Hidden Pictures - Rainbow Records
We’ve always known local Kansas City indie rockers Hidden Pictures to lean more towards the poppier side of music, but they’ve nailed that practice with new album Rainbow Records. They’ve perfected that perky pop sound to a T. The record, which comes to us from Kansas City label Golden Sound Records, is full of upbeat music, but don’t let that fool you. It’s still full of sad-bastard lyrics and forlorn songs that tell of old loves and troubled relationships (primarily a troubled relationship with the music scene).
Hidden Pictures lets you know where they stand right off the bat with opening track “Calling Christine.” There is no mistaking the adorable and upbeat atmosphere that will continue to hold steady throughout the rest of the album. This should come as no surprise considering the veteran gaggle of indie poppers in the band, including frontman Richard Gintowt (who spent several years playing in Ghosty and OK Jones) and drummer Cameron Hawk (currently in The Dead Girls).
We’ve enjoyed several Hidden Pictures live sets in the past year, but with Rainbow Records we’ve detected a little more fuzzy guitar than what we’re used to hearing. The band also relies heavily on the glockenspiel during their live sets, but it has taken a back seat on Rainbow Records. It shows up briefly in the first track, but it isn’t until the fourth song on the album, “Say Hello To Darkuary,” until it makes another appearance.
Hidden Pictures
Rainbow Records takes a sudden and tender turn with “Ricky,” starting off with the soft plucking of the acoustic guitar for the first portion of the song, only to be greeted by a delicate piano a short while later. The song picks up halfway through, but the lyrics remain somber. The next song on the album, “Swim,” continues the melancholy attitude.
Sometimes, pairing bittersweet lyrics with such cheerful music can leave albums with a split personality disorder, but Rainbow Records succeeds by leaving the listener a little optimistic and hopeful for the album’s protagonist. By now, we’ve managed to warm up to our hero who appears to be falling out of love (with everything). We’re not throwing him a pity party, but we do understand what he’s up against and we want him to succeed. It’s hard not to root for our main character when he’s held such a sunny disposition through his music, even though the lyrics tell a different story. Hidden Pictures manages to help any lonely listener keep their head above water with their perfect indie pop sound.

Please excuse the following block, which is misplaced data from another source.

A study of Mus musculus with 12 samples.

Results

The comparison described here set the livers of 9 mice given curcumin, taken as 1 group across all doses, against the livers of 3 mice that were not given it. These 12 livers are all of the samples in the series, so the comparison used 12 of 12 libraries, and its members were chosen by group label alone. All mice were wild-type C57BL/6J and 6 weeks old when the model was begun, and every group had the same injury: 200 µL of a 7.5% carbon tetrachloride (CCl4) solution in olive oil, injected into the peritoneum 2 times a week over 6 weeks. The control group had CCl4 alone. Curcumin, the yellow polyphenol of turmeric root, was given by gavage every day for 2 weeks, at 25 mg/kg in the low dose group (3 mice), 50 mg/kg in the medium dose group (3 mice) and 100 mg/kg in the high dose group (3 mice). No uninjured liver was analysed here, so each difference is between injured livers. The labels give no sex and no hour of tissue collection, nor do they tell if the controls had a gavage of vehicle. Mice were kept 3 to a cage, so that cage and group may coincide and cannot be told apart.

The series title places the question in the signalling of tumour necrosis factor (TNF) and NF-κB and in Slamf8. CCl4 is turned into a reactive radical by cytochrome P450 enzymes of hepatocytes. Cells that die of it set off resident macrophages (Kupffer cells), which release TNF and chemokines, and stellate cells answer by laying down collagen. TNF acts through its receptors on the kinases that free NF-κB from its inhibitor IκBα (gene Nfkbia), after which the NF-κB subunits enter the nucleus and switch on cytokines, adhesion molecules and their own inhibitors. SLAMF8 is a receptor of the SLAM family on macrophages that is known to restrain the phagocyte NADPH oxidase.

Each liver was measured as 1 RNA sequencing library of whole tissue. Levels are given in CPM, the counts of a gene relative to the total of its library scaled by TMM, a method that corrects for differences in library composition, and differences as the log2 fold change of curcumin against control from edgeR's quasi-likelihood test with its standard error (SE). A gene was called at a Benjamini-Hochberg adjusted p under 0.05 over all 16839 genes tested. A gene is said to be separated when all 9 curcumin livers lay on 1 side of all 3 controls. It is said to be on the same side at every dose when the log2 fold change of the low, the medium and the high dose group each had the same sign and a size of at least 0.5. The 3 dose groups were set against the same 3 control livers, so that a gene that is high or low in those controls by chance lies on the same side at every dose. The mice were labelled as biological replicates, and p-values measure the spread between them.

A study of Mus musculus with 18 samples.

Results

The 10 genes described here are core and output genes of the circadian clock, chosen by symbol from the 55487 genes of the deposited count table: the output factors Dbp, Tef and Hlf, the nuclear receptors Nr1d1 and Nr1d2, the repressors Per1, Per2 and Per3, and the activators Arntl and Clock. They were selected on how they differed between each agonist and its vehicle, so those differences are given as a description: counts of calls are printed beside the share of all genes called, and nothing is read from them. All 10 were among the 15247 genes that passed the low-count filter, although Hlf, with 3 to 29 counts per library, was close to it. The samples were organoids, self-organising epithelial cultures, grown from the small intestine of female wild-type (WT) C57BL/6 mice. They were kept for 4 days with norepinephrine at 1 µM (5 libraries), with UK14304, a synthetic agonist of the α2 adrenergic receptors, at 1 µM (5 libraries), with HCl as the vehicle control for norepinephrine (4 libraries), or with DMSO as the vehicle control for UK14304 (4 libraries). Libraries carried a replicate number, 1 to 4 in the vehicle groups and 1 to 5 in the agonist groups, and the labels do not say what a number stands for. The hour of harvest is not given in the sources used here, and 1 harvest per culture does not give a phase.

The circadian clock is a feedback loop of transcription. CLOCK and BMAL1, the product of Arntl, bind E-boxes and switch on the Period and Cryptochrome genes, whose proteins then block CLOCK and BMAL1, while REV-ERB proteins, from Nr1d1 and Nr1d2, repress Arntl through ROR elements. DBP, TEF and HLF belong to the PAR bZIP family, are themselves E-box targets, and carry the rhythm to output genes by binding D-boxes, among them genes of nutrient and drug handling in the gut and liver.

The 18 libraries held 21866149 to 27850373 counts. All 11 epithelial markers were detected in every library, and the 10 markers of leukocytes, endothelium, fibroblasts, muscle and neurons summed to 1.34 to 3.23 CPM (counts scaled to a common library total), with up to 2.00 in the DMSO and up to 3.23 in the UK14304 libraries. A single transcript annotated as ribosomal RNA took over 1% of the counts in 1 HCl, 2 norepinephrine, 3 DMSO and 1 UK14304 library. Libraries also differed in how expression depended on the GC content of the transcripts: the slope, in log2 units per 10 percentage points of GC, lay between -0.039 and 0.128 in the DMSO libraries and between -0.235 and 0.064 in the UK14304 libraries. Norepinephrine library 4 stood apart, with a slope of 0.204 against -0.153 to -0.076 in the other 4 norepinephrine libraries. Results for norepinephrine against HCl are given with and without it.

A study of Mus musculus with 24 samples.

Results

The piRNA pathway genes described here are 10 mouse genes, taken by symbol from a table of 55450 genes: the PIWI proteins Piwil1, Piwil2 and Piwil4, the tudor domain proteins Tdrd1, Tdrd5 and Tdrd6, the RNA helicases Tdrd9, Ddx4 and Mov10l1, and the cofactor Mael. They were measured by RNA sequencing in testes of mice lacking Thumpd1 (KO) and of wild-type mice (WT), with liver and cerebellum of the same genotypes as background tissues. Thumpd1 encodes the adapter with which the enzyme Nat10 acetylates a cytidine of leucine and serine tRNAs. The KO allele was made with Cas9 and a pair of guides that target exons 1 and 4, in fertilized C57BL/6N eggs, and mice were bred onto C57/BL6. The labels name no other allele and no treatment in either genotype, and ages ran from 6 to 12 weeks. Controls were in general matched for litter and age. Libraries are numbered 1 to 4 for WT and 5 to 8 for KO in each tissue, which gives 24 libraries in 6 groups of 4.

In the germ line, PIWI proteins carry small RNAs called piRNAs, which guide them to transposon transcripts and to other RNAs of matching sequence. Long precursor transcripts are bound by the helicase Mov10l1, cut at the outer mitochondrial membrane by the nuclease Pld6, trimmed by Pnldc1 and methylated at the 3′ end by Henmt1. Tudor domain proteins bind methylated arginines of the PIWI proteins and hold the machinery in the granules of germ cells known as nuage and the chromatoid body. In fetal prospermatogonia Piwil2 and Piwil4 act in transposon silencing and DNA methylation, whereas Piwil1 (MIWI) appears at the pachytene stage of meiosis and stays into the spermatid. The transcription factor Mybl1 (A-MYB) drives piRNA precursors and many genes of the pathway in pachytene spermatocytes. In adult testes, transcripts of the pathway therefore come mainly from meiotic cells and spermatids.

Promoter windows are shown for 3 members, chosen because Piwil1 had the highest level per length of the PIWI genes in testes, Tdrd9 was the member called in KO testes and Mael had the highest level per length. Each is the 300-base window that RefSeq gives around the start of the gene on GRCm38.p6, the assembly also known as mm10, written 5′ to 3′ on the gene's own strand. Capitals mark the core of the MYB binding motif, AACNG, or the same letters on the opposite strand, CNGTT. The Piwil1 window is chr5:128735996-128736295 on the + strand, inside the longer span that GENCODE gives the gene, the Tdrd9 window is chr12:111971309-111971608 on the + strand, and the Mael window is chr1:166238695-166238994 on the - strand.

If there’s anything this album does for the listener, it’s leaving them with high spirits and a few words of wisdom. On one of the album’s closing tracks, “It’s Just Me (And I’m Sorry),” Gintowt (and a lovely harmonizing Michelle Gaume Sanders) advise us “Love ain’t fair, but it is tough / You gotta ride it when it’s rough / Even when you’re black and blue, be true.” For leaving us with such direction, the best we can do in a grand gesture of gratefulness is to follow their advice, take their words to heart, and stay true. It’s almost like they want us to maintain our confident youth and innocence, and have whispered “Stay Golden, Ponyboy” into our ears as we walk off into the sunset, unsure of our future.
Bonus video! Here’s Hidden Pictures playing “Evil Kangaroo” at the I Heart Local Music Birthday Bash back in March:

Be sure to catch them at their album release show Sunday, July 15, at the Replay.



Fally Afani is an award-winning journalist with a career spanning more than 20 years in media. She has worked extensively in radio, television, newspapers, magazines, and more.